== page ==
SAN FRANCISCO -- Retailers have one last week to coax shoppers into stores before all bets are off.

Right now, they are doing whatever it takes.

This past weekend brought a big surge of traffic, but not enough to make up for the lack of sales throughout the holiday season, industry observers say. As a result, retailers will have to cut their prices deeper -- driving down profit margins -- and keep their doors open longer to gain some ground in the home stretch.

J.C. Penney ( JCP), for instance, is offering 30% to 60% off its toys, while Kohl's ( KSS) is offering 60% off its jewelry and 30% to 65% off its outerwear.

Macy's ( M) says seven of its stores in the New York metropolitan area will stay open 24 hours from Dec. 21 until Christmas Eve.

All these efforts come in hopes that customers will come out in droves at the last minute to snatch up deals. According to a survey by America's Research Group, which conducted 800 interviews over the weekend, 74% of respondents said they had completed most, but not all, of their holiday shopping, and 53.4% said they planned to hold out for bigger bargains.

Britt Beemer, chairman of America's Research Group, expects holiday sales to increase only 1.8% this year, his lowest forecast in over 10 years.

Even with deeper discounts this week, Beemer is skeptical that retailers can make up for the traffic they lost all season.

"I just question whether the retailers will give enough discounts to get shoppers into the stores," he said.

Although Black Friday, or the day after Thanksgiving, generated a 4.8% increase in traffic, industry watchers say things have tapered off considerably since. The first two weeks of December saw a lull, and only now are the crowds starting to come back.

In San Francisco's Union Square shopping district over the weekend, customers carried armloads of red shopping bags from Macy's. Crosswalks were jammed with slow-moving clusters of people trying to make it to the other side before the light turned red.

In other parts of the country, however, wintry weather kept some shoppers away. Ellen Davis, a spokeswoman for the National Retail Federation, which predicts holiday sales will be up a slower-than-average 4%, says heavy snowfalls made it tough on retailers.

But it's hard to gauge how much of an impact the weather ultimately has on consumers. For instance, last year during the holidays, retailers said warm temperatures discouraged shoppers from purchasing thick sweaters and coats. This year, cold temperatures could make people want to huddle in their homes.

Christine Chen, an analyst from Needham & Co., says cold weather is only a problem if it keeps shoppers away for prolonged periods of time. One day of heavy snow is not enough to ruin holiday sales for a retailer, although it certainly hurts if it happens during the peak of the season.

And the peak of the season is still to come. This Saturday is expected to be the busiest shopping day of the year for retailers, eclipsing Black Friday.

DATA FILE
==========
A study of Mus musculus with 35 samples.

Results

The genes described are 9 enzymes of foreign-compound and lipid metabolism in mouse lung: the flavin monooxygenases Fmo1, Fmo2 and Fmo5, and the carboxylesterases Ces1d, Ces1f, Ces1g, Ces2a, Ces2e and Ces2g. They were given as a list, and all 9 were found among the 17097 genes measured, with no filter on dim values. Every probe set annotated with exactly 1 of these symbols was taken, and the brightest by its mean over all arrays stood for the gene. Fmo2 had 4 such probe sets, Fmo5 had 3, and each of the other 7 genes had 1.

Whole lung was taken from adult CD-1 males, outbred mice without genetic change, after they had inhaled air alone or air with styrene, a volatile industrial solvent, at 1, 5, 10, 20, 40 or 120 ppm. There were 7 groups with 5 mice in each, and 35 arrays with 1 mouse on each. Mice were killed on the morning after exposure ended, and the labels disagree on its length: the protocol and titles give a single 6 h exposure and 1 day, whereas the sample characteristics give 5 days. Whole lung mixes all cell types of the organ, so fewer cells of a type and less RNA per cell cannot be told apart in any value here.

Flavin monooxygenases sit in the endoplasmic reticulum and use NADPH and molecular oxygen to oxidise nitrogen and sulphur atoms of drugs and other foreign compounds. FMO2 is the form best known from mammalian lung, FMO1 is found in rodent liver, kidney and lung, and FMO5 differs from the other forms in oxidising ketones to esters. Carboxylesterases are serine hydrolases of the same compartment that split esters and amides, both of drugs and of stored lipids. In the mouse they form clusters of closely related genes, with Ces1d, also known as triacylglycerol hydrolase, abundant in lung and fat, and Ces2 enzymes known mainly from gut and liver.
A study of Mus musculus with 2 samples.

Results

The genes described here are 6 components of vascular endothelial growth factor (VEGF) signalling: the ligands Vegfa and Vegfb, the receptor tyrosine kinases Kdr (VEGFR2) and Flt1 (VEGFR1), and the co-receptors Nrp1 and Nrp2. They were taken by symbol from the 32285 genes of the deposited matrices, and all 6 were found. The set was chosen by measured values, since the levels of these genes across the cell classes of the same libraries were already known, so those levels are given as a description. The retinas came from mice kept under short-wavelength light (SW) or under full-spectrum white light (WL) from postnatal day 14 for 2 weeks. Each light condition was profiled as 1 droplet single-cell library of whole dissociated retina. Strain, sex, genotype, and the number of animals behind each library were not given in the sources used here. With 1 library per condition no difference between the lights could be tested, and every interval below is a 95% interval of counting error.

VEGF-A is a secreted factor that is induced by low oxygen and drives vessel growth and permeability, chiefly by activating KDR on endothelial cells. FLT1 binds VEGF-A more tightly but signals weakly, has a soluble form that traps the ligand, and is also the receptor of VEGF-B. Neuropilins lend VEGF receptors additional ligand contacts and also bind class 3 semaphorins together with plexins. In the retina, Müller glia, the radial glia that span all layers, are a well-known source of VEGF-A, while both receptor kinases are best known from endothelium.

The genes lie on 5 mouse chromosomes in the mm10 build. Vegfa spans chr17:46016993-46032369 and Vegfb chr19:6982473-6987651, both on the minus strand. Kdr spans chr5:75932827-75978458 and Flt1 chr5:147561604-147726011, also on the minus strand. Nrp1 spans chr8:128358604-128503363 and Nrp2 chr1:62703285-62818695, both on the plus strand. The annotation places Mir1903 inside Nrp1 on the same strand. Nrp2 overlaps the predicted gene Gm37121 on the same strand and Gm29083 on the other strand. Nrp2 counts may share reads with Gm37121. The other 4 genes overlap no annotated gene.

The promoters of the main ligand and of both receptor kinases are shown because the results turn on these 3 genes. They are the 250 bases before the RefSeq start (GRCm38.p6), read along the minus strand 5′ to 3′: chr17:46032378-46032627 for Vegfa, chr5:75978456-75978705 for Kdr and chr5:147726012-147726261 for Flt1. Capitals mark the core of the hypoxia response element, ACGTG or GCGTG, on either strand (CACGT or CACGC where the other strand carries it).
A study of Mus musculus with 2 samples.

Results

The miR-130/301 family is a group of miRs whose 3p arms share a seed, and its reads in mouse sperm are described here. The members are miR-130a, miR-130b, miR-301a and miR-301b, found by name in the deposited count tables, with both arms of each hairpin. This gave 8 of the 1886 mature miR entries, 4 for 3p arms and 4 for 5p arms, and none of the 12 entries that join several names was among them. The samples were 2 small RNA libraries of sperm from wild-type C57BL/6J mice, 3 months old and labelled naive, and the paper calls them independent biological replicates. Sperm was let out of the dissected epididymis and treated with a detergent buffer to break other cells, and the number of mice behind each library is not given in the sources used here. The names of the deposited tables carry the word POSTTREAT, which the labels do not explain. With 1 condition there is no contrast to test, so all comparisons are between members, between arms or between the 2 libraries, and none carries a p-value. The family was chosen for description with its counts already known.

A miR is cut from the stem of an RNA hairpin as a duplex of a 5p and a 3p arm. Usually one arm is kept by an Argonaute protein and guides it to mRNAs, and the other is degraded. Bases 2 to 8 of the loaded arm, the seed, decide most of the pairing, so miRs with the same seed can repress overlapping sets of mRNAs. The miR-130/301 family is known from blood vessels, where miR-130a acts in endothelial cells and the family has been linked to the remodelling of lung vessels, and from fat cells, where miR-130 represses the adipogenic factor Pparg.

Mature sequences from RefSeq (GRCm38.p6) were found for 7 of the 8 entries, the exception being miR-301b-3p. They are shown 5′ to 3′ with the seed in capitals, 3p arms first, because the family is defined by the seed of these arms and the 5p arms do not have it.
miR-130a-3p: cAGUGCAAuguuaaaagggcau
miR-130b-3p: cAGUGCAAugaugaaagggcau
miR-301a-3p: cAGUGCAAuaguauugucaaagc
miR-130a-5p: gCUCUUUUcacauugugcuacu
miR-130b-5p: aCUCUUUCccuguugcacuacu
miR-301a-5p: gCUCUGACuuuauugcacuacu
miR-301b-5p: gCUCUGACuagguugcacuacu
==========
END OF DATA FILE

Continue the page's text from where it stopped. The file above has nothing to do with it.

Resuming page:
Chen expects those retailers who have been promoting all along will continue promoting, including in the women's apparel sector, which saw soft sales even before the holiday season began.

According to a holiday report released by MasterCard, sales for women's apparel was down 5.7% in the first 20 days after Black Friday. But there was a 4.5% increase in men's apparel.

Chen says she expects teen retailers like Aeropostale ( ARO) and Abercrombie & Fitch ( ANF) to hold their own. But she acknowledges that expectations are low for everyone.

Even online sales seem to be losing some traction. According to research firm, comScore, online retail spending has grown more than $22 billion between Nov. 1 and Dec. 14, which marks an 18% climb. While that still represents a record level, it is less than the 26% increase during the same period last year.

Part of that can be attributed to a decline in spending by lower-income households. For instance, households earning at least $100,000 increased their online spending by 28% compared with a year ago, according to comScore. But households earning less than $50,000 increased their spending only 10%.

"The current economic realities appear to be having a negative impact on the growth in consumer spending," said comScore Chairman Gian Fulgoni in a statement. "From the subprime housing meltdown to a decline in home values to higher gas prices and an uncertain stock market, many consumers across all income segments are either feeling the pinch this holiday season or are lacking the confidence to spend at the rate they had in the past."

Online sales have likely already seen their peak this holiday season. Davis points out that most offers for ground shipping delivery by Christmas will end today.

That leaves brick-and-mortar stores with all the remaining heavy lifting. Beemer doubts that shoppers will dole out their dollars for anything less than 60% off at this point.

"They have certainly not been impressed with the prices they've seen," he says.

Chen believes shoppers are simply procrastinating with their shopping, regardless of the promotions.

"In this environment, everybody's a little bit nervous, but I do expect a big rush in the end," she says.